Scientific study about the conservational value of wrecks in the Mediterranean

Have you realized that you can encounter a lot of life on and around wrecks? I started diving because of fish. I always wanted to see and swim with fish – wrecks were not interesting for me at that time. This changed when I first dived wreck and found that there is a lot of life inside, outside, and on the wreck. The term “wreck as a shelter” describes the fact, that fish use structures, like wrecks, as shelter and feeding habitat. The provided surface area is covered by biofilm and sessile animals, which in turn provide nutrition and habitat to fish and other animals. 


The story of many wrecks is not solely the historical story of the ship, that drowned or was scuttled. It is also the story within the marine habitat that it lays: The accumulation of bacteria on the surface, algae and sponges, and the provision of shelter, habitat, and feeding ground for fish and marine mammals. Furthermore, it is the story of each dive and each diver, who visits the wreck. Wrecks provide stories in many directions and are a diving attraction in many different ways: historical, explorational, and biological. 


Cirkewwa Marine Park is one, if not the most popular dive site in Malta. It is a, almost non-stop, visited training and fun-dive spot. Next to that, Malta is affected by a high population rate, tourism and impacts of climate change. The marine areas of malta are a key component of maltese economy and cultury, but suffering degradation. These facts, put in the context of the mediterranean, which is a biodiversity hotspot giving home to 4-18 % of all identified marine species, while holding only 0,82 % of total global surface area, show that any marine environment around Malta shall be protected and conserved. As diving is a important economical sector in Malta, the study aims to find out in what way wrecks can serve conservation and how scuba diving and marine conservation can go hand in hand.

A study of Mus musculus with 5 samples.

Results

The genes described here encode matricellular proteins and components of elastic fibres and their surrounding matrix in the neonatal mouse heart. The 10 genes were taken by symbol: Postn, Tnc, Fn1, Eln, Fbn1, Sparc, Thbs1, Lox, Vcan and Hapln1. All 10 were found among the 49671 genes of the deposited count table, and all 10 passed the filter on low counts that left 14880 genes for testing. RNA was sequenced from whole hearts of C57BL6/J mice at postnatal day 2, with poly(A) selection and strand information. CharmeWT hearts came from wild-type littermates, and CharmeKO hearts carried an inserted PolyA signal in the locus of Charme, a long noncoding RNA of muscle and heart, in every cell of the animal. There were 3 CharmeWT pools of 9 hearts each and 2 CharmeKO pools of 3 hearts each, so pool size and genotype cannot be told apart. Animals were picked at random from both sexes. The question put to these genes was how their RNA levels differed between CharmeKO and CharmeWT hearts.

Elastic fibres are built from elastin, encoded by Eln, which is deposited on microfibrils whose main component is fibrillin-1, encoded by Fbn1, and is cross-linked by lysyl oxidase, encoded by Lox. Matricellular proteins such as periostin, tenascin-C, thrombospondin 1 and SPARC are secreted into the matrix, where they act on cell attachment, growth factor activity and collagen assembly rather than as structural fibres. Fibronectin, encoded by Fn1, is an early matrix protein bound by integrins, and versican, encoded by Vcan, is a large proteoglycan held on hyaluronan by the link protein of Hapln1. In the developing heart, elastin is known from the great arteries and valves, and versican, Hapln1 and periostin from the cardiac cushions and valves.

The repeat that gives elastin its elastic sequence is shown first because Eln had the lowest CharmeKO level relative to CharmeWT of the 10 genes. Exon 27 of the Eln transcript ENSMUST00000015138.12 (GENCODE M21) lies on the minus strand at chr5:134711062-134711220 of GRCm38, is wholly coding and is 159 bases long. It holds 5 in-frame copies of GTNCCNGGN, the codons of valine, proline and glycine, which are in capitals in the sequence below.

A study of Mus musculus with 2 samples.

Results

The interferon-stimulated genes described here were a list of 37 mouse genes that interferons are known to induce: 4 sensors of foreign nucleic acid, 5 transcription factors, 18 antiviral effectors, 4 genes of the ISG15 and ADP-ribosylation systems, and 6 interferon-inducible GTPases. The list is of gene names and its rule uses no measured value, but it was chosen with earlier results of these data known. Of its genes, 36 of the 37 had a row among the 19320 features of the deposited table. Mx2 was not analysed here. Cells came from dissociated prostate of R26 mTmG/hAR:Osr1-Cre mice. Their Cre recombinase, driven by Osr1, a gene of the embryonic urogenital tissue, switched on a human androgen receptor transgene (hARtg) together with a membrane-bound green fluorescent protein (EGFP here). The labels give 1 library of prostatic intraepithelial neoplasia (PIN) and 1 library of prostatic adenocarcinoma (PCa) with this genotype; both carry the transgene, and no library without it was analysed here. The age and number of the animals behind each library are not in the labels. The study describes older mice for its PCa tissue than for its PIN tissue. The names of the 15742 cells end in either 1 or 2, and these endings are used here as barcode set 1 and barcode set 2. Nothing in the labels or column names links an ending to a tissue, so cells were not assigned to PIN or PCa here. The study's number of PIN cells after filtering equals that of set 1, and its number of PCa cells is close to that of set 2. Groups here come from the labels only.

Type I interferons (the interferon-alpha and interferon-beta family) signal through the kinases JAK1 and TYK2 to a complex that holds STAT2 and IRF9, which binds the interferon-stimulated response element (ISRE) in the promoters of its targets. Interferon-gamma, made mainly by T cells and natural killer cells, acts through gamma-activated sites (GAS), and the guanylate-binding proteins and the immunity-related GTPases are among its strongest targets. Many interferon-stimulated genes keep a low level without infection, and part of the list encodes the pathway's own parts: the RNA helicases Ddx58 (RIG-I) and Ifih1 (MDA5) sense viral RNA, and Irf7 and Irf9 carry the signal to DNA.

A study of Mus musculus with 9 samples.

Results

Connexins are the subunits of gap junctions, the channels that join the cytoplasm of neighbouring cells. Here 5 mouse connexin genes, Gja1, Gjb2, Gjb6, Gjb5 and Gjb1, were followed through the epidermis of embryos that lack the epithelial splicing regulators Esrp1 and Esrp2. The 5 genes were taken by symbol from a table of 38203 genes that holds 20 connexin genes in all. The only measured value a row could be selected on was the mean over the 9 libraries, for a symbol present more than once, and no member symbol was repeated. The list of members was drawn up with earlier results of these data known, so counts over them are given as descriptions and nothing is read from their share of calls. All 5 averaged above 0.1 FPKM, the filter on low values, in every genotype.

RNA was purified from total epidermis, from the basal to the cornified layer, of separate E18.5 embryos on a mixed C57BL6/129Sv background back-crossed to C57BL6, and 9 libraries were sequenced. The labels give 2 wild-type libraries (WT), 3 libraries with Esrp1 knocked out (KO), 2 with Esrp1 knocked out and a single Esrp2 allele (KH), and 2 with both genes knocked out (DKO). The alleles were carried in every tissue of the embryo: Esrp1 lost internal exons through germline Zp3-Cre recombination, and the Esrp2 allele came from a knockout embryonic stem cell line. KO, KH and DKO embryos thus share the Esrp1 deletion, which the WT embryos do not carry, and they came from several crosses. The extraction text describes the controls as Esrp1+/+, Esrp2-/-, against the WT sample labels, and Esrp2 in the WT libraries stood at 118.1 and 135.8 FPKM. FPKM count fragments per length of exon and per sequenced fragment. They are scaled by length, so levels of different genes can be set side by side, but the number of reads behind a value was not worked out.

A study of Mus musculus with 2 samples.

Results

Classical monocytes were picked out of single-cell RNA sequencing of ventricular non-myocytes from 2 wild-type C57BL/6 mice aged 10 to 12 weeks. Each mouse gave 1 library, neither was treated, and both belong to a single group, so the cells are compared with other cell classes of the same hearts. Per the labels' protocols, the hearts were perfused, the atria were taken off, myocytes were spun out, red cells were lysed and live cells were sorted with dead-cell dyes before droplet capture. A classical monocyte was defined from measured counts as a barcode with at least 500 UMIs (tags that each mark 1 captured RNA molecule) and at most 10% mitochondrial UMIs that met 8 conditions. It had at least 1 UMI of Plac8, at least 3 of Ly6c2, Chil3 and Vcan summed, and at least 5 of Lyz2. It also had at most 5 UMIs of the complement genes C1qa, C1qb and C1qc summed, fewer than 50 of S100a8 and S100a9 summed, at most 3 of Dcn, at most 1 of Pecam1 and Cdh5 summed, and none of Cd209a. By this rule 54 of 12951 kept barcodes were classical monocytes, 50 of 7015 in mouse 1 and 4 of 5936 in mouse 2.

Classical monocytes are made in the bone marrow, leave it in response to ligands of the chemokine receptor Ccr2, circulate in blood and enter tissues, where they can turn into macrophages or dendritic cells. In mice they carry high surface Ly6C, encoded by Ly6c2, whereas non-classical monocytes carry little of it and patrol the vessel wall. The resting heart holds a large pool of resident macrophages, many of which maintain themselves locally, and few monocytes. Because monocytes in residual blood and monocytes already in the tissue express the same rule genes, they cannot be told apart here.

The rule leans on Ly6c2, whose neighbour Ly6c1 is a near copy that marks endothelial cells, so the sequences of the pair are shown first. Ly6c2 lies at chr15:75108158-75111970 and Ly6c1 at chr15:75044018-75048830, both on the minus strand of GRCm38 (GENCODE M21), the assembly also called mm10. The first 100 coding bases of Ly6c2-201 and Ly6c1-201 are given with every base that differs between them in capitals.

I decided to study the relationship of wrecks and nature conservation as my dissertation project within my Wildlife Management and Conservation MSc. When I knew, that I would like to absolve my research in the marine sector, I have been diving since approximately two years. I was happy to have worked before as intern in the Cirkewwa Marine Park, and knew the wrecks and the dive-site, so I decided to conduct my research on the two wrecks P29 and Rozi. 

We stayed for three months on the island, conducting my fieldwork and giving classes. It was a real adventure with many obstacles: costs; logistics; availability; dive planning; equipment: 

  • Receiving wrong quotes beforehand and calculating the whole trip on base of these, too low costs
  • Transportation and heat
  • Availability – fieldwork needs to be paid, and money needs to be produced for this. It was a challenge to keep enough time for the fieldword. 
  • Dive planning: what to do when? How much workload for one dive?
  • Equipment: leaking dry-suit became my normal status quo, broken dump-valves and flooded camera was just an add-on. 

I want to find out if wrecks, as artificial reefs, could serve nature conservation. 

These research objectives will follow following research questions:

Do the assemblages on wrecks significantly differ with those on adjacent
natural reef in species present?
Does the estimated cover of species assemblages on the wrecks
significantly differ with the estimated cover of species assemblages on the natural reef?
 Does the biological diversity significantly differ between the wrecks and
the natural reef?
Do scuttled wrecks support marine ecosystems?